Have you ever tried edible chrysanthemum greens before? I noticed them for the first time today at an Asian grocery store labeled as “chun ho.” I recognized them from watching Korean cooking videos on YouTube and wanted to try them. Edible chrysanthemum greens are a different variety than the type grown as ornamental flowers (which I suspect are quite inedible). They are apparently quite nutritious, high in fiber, iron and vitamins, and good for your eyesight. The greens are tasty, a little herbaceous, vaguely minty and fragrant in a pleasant way. The stems can be fibrous if they are on the large side, but as a green vegetable they are quite delicate and easily overcooked. You can eat them raw or lightly cooked, blanched, steamed, sauted, added to shabu-shabu, nabe, hot-pots.
I thought that they would be a good substitute for spinach in a Korean noodle dish called Japchae. Japchae is made with Korean sweet potato “starch noodles” and a variety of sauted vegetables. The whole mixture is coated in a fragrant sauce. It is served at room temperature or cold, perfect for summer!
Chrysanthemum greens (or spinach)
1 handful edible chrysanthemum greens (or spinach)
1 tsp sesame oil
1 clove garlic, minced
1 tsp sesame seeds
200g beef, cut in strips
1 tbsp soy sauce
1 tbsp honey or sugar
1⁄2 tablespoon sesame oil
1⁄2 tablespoon mirin
1 clove garlic minced
2 eggs, beaten
pinch of salt
1⁄2 large white onion, sliced
1 bell pepper, julienned
1 carrot, julienned
300g fresh shiitake mushrooms, sliced
1 tsp soy sauce
1⁄2 tsp sugar
400 g Korean starch noodles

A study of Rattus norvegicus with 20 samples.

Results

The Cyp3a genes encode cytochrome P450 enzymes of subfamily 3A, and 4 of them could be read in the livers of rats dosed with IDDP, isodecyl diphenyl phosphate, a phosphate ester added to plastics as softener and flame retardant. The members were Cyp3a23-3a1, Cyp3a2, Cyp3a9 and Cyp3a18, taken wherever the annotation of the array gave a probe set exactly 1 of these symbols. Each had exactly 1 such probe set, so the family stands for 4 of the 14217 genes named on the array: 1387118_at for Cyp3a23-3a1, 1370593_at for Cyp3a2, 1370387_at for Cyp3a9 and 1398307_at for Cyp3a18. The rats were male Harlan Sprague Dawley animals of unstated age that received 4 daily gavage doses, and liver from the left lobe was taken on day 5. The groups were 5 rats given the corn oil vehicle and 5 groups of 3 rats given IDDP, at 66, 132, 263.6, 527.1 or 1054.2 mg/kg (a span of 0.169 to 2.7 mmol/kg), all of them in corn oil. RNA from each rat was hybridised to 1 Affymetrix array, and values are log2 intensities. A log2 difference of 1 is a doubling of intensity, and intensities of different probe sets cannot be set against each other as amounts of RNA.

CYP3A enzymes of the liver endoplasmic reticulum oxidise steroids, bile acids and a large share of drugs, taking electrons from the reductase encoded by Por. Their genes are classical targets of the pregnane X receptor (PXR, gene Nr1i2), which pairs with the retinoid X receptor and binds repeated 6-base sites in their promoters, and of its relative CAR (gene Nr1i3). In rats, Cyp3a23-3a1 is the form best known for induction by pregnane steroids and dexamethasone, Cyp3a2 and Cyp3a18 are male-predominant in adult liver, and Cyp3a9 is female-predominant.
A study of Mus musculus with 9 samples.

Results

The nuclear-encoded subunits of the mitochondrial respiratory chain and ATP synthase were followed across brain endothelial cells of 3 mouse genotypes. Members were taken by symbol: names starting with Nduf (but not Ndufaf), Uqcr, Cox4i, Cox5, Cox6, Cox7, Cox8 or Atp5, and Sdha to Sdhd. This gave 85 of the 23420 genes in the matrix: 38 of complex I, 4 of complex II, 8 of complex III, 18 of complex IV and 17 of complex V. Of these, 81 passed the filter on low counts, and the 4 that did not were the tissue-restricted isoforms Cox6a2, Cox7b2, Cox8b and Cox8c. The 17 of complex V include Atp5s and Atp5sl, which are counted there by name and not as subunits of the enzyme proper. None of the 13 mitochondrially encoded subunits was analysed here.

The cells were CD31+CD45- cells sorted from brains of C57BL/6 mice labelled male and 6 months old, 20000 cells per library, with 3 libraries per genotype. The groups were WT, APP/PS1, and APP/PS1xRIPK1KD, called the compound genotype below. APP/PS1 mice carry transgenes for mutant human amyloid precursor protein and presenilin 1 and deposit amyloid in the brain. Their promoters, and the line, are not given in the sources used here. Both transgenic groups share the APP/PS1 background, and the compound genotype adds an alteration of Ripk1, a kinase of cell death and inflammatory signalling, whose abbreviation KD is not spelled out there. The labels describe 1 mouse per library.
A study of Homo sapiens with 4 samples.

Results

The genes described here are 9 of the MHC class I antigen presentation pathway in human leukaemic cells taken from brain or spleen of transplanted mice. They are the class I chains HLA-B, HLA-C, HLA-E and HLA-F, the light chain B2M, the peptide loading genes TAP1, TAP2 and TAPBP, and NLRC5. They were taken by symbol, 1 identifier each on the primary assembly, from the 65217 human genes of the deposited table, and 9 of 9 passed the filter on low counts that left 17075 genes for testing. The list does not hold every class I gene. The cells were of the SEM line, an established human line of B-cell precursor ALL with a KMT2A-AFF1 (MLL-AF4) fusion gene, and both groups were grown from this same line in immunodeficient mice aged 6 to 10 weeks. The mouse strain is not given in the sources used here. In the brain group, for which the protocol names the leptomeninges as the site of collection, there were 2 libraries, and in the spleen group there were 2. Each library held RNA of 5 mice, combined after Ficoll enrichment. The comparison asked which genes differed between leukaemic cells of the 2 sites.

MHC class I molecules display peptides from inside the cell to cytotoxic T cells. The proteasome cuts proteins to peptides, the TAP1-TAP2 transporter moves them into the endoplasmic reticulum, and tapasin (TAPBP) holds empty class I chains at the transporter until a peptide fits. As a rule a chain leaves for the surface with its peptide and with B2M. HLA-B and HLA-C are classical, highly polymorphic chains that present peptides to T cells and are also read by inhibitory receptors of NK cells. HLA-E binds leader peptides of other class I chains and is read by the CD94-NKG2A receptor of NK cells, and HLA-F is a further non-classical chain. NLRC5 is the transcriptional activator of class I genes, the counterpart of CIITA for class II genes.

1/3 cup soy sauce
1/3 cup honey or sugar
2 tablespoons sesame oil
1 tablespoon sesame seeds
black pepper to taste
Marinate beef strips with 1 tbsp soy, 1 tbsp sugar, 1⁄2 tablespoon sesame oil, 1⁄2 tablespoon mirin, 1 clove garlic minced, for 10 – 30 minutes.
Bring a large pot of water to boil. Add the chrysanthemum greens, cook for 30-60 seconds until the greens change colour. Drain and rinse in cold water to retain the colour and texture. Squeeze out the water and chop into 5cm lengths. In a small bowl mix the greens with with 1 clove minced garlic, 1 tsp sesame oil, 1 tsp sesame seeds, salt and pepper to taste.
To make the egg strips fry the beaten eggs in a large non-stick pan to make a thin flat omelet. Cool and slice into strips.
Fry the onion with 1-2 tsp oil, season with salt and set aside.
Fry the carrot with 1-2 tsp oil, season with salt and set aside.
Fry the bell pepper with 1-2 tsp oil, season with salt and set aside.
Fry the mushrooms with 1-2 tsp of oil. Add 1 tsp soy sauce and a pinch of sugar to the mushrooms. Set aside.
Fry the beef until any liquid that comes out reduces, and the beef is dry.
Mix together all the sauce ingredients. Boil the noodles according to the package directions. Taste to see that the noodles are cooked. Drain the noodles, do not rinse in cold water. Cut the noodles into shorter lengths with scissors if desired, and mix with sauce while hot. Add in the vegetables and beef. Top with the egg strips and garnish with sesame seeds. Serve at room temperature or cold.